Communist deputy of the State Duma Vadim Solovyov came up with a proposal to expel Turkish construction companies from Russia, as well as to ban the imports of Turkish foodstuffs and textiles, Izvestia daily said.
"By its unexpected escapade, Turkey calls into question a possibility of political and, on top of that, economic trust in it," it quoted Solovyov.
"Much has been said about severing relations in the tour industry but this isn’t the only sphere where our countries have had close cooperation," he said. "Turkish companies are engaged in many landmark construction projects in Russia, like the Federation Tower in the Moskva City business center."
"Why should we allow the companies from a country, which doesn’t support our policies and cooperates with terrorist groupings, make money here?" he asked somewhat rhetorically.
Konstantin Kosachev, the chairman of foreign policy committee in the upper house of Russian parliament, believes that Turkey is bearing collective responsibility for the terrorists’ actions as it maintains connections with the Islamic State.
"It’s clear the Islamic State and the groupings of the same mold have been gathering strength and enjoying persistent large-scale support on the part of a number of nations and, very unfortunately, we can state Turkey happens to be one of them," Kosachev said on Wednesday. "In this light, Turkey is bearing collective responsibility for all the actions of terrorist and the global terrorist community as a whole."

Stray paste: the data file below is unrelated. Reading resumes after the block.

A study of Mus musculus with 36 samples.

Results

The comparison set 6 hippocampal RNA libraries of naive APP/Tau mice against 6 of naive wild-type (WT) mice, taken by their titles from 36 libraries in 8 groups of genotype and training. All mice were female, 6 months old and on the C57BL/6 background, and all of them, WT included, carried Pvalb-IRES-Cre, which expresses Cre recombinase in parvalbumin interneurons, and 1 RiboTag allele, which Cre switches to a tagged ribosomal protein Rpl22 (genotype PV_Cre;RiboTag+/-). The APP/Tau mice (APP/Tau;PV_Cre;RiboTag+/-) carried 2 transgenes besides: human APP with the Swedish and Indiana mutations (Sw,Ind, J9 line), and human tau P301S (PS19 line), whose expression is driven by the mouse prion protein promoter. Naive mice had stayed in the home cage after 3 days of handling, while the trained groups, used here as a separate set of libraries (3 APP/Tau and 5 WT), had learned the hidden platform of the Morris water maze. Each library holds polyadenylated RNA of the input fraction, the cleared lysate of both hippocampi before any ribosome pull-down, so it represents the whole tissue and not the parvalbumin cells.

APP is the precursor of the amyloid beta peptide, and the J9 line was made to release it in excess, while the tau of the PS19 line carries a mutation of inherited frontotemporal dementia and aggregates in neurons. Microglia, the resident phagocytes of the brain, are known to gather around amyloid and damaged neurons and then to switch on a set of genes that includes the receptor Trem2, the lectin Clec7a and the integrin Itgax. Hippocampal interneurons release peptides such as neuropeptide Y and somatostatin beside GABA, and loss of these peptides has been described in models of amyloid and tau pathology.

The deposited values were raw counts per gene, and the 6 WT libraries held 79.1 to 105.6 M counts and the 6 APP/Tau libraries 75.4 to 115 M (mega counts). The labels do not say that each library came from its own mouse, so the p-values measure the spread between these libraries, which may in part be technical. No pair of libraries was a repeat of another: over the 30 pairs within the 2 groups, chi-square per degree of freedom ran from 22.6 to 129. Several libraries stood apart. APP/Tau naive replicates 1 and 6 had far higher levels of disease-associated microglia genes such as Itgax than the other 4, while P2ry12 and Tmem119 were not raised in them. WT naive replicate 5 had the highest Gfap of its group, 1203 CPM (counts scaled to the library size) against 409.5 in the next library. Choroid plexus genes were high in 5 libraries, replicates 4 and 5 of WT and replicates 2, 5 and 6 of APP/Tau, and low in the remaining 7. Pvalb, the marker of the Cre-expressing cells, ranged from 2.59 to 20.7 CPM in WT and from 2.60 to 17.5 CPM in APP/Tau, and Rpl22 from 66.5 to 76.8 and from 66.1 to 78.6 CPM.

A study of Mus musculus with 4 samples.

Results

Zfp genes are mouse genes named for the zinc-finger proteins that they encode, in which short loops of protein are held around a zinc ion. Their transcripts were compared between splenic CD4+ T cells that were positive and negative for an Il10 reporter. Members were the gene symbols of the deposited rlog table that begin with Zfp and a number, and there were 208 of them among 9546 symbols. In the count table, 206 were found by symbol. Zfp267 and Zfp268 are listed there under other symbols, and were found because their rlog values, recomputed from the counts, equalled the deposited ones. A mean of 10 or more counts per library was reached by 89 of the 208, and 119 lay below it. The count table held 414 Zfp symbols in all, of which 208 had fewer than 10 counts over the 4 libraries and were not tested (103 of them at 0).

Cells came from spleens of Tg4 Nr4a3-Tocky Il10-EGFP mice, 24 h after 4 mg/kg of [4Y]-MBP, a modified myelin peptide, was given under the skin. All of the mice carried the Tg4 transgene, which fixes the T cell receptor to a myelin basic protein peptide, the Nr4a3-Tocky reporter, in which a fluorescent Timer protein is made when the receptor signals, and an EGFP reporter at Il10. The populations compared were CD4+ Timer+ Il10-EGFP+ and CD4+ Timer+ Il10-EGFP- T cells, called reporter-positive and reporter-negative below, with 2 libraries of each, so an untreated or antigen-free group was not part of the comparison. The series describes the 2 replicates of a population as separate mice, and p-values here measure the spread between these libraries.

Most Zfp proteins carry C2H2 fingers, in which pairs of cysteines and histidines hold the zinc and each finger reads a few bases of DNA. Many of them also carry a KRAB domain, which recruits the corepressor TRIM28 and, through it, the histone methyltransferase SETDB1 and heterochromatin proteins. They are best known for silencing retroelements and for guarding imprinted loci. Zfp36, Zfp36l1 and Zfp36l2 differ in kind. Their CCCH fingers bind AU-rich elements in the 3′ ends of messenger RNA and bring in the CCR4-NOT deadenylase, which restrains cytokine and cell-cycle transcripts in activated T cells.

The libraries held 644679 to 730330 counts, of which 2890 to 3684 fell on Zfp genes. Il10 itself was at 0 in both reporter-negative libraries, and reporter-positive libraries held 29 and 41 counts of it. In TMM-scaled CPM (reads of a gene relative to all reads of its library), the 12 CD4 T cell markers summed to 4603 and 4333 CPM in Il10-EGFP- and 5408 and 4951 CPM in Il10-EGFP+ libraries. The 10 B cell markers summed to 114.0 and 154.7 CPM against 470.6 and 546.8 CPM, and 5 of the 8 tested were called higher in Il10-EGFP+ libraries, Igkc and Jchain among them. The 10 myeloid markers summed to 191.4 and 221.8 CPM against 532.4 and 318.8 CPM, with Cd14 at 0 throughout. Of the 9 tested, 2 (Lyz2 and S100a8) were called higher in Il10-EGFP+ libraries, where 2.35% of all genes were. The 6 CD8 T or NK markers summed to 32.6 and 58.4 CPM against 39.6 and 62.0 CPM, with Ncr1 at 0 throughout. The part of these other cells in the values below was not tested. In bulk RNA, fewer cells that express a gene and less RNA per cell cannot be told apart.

As he spoke about the shooting down of a Russian Sukhoi-24 fighter jet in the skies over Syria by the Turkish Air Force, he said: "There is every ground to believe the Turkish authorities knew perfectly well what they were doing and in reality they were defending their political and, in many ways, economic interests."
"Unfortunately, there is much evidence showing active collaboration between Turkish businesses and the Islamic States outlets," Kosachev said. "They make a ploy of chaos in the area and make revenues on contraband oil and oil products, on looted works of art, on everything that poorly guarded but sells well."
"In fact, Turkey is turning into a beneficiary of illicit business brewing on the Syrians’ blood," Kosachev said. "These are not just small business owners fishing in muddled waters because Turkish elites are enmeshed in the process, too.".